In a recent  episode of his Stay Tuned podcast, show host and former US Attorney for the Southern District of NY Preet Bhara thought he was interviewing producer and director Judd Apatow on the problem with power in Hollywood.  At the time, Harvey Weinstein was the big and only story on sexual assault and harassment.  But, by the time the two sat down to chat, there were more cases on the books, and more harrowing stories to tell.

The chat quickly went to Trump, with Apatow commenting on Trump’s seemingly humorless demeanor. According to Apatow, Trump has been seen to smile, but never laugh. Perhaps it’s because he sees laughter as a loss of control, or perhaps it’s because he has no sense of humor. Apatow professes to think Trump had a harsh upbringing, certainly one not filled with laughter and believes it may be the basis for his total lack of empathy because, according to Apatow, to laugh one must be empathetic.

There are a few scholarly articles on the potential correlation, but a more readable article is the one by Scott Aukerman, author of the comedy Between Two Ferns hosted by Zach Galifianakis.  Two of the shows more famous guests included President Barack Obama and Hillary Clinton. Check out the episodes and Zach’s question if in watching Trump’s success Hillary might ever consider being more rascist, or as secretary to Obama how fast was she able to type?

Trump refused to attend his first Correspondent’s dinner.  Is it because he felt he couldn’t deliver a joke?

Many claim Trump first decided to run when he was the butt of a Correspondent’s dinner joke cracked by Obama in 2011.  Apatow was one of the writers of Obama’s  jokes for the dinners, and in the Stay Tuned podcast credits Obama with a perfect sense of timing and delivery.  Yet, it’s haunting to see Trump in the audience stone faced while even the Fox table was getting the jokes.

Prett Bahara commented that another person with no sense of humor is Mitch McConnell.  Hmmm.

Twenty four hours ago, I may have written about the value of humor in politics, but today the funniest man in the Senate, Al Franken, is now also charged with sexual misconduct.  That’s not so funny, and ethics investigations are likely pending.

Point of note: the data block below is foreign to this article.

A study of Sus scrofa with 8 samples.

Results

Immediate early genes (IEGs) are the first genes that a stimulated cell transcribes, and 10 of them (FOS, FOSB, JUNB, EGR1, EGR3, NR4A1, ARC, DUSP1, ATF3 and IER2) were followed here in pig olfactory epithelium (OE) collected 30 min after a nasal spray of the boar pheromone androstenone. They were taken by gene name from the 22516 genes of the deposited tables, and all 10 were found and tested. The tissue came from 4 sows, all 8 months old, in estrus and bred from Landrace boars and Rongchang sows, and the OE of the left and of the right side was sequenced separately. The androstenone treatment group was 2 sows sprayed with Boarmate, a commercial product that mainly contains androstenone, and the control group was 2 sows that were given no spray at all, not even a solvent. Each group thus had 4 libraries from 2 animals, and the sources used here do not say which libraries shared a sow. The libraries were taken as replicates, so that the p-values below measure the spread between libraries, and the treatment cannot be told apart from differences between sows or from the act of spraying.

Political comedy is a topic in and of itself, and takes an exceptional intelligence and grasp of the absurd.  Judd Apatow, however, notes  how he’s feels it has no real power as it didn’t change the course of more than one election. Or does it?  Does it instead show how the poked politicians react and their own sense of humility and nuance?  Does humor help us see a human side of them, and a lack of humor a lack of other key emotional states?

What is true is that in dark times, humor is always needed to help us not get too caught in the dire circumstances, but hold on to some lighthearted perspective just to stay positively charged and energized.  So, this week’s hinge actions are on gaining some comedic moments. Here are some suggestions:

  • Watch an episode of Superstore on NBC. No Netflix or HBO required. Best to start with the pilot and see how a band of oddly paired associates in what’s clearly Walmart bring various political issues to light with sincere empathy.
  • Check out any episode of Between Two Ferns, but likely the one featuring Hillary Clinton. Hillary was sometimes ridiculed just for her laugh, but at least you can say you’ve heard it, which is more than Apatow can say for Trumpl
  • See Hasan Minhaj stand in for Trump at the 2017 Correspondent’s dinner. He claims he got the job because a white guy didn’t want to do it, so he got the job as an immigrant. As he said, “We gotta address the elephant who’s not in the room…because he can’t take a joke.”

Have other suggestions?  Let us know.  We all need a little extra laughter every now and again. It’s why most of the best papers (NY Times aside) always made sure to have some comics.